SINGAPORE - A new initiative to encourage members of the public to clean their community areas will begin next month.
Organised by the Public Hygiene Council, the Sustainable Bright Spot programme will be launched in stages across 12 constituencies.
It was one of three fresh efforts announced on Sunday (April 28) by Minister for the Environment and Water Resources Masagos Zulkifli.
"The Sustainable Bright Spots programme is aimed at encouraging residents to keep their housing estates clean," said Mr Masagos.
"The hard truth is that many of us are still too dependent on an army of 58,000 workers who clean up our housing estates, roads, public walkways and waterways every day."
Awareness campaigns and activities will be implemented in estates to encourage people not to drop litter and dispose of waste properly.
"It is important that we continue to build a culture of reducing our waste, cleaning up after ourselves, and binning our litter properly," Mr Masagos added.
Twelve residents networks in estates across Singapore have committed to be part of this programme.
"We hope to reinforce the message that everyone needs to take personal responsibility for keeping our shared community spaces clean," said Mr Masagos.
On top of this, the Public Hygiene Council will work with organisations, residential estates and communities to hold a "CleanSG Day" in the May at their premises, when people all over Singapore will be cleaners for a day.
While the real cleaners take a day off to rest, local residents, along with employees and patrons of 134 McDonalds outlets, 10 parks and three Kopitiam outlets, will get to work cleaning up after meals or disposing of rubbish in common areas.
The third effort to be made this year by the Public Hygiene Council will be to establish a network of interest groups to not only reduce waste in 2019, which has been designated the Year Towards Zero Waste, but also to make Singapore cleaner and greener than before.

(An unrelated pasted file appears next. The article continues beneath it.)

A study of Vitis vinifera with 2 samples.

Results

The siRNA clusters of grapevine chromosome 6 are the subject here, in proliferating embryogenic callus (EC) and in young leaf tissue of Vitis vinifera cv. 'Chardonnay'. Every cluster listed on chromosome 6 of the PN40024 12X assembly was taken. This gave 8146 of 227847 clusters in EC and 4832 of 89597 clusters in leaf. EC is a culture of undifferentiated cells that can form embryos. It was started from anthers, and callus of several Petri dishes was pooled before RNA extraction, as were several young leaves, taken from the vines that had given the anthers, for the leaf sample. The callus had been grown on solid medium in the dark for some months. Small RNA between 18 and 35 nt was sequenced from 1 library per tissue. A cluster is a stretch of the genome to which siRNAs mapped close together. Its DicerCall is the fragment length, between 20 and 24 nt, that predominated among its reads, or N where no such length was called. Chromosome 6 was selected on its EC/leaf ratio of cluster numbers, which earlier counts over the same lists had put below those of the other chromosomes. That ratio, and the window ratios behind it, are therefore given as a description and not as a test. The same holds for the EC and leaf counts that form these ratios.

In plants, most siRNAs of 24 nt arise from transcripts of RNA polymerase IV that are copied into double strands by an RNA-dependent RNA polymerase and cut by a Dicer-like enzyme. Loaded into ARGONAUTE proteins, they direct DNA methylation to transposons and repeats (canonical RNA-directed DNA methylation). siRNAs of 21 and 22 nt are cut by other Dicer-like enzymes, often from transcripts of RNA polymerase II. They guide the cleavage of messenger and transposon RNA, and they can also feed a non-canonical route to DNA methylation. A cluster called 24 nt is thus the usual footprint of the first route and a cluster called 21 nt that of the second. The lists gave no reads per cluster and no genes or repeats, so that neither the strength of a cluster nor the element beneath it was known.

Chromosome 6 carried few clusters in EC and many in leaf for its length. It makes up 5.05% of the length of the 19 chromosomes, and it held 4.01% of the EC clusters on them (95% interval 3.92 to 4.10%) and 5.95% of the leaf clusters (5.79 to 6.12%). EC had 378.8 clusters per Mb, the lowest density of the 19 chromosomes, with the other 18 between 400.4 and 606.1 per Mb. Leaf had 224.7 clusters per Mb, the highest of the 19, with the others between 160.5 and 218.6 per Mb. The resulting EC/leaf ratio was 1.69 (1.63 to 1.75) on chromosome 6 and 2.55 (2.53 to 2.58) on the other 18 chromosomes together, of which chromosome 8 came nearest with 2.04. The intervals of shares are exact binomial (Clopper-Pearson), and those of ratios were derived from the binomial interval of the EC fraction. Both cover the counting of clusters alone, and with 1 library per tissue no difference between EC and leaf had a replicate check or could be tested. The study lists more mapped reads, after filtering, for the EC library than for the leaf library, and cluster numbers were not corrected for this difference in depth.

This network is named R.I.S.E. - an acronym for the words reach, inspire, synergise, and empower.
The network now comprises 24 non-governmental organisations, student eco groups, uniform groups and public agencies.
These environmental, social welfare and educational groups, with the support of the National Environment Agency and the National Parks Board, will work together to conduct clean-up activities across the island.
Public Hygiene Council chairman Mr Edward D'Silva told The Straits Times that the network would provide a platform for these agencies to join forces, to not only reduce waste but keep Singapore clean.
"Some of them are passionate about zero waste, or recycling, but do not have a platform to promote their activities. Through our conduits and channels of communication, they can publicise their causes and have a greater effect," said Mr D'Silva, adding that he hoped to have more NGOs come on board.
The R.I.S.E. network will also collect data on waste and litter, to map out littering hotspots, major problem areas, as well as the cleanest areas in Singapore.
"This will contribute to us knowing more about where we can best come in and help, and what more we can about waste management in Singapore," Mr D'Silva added.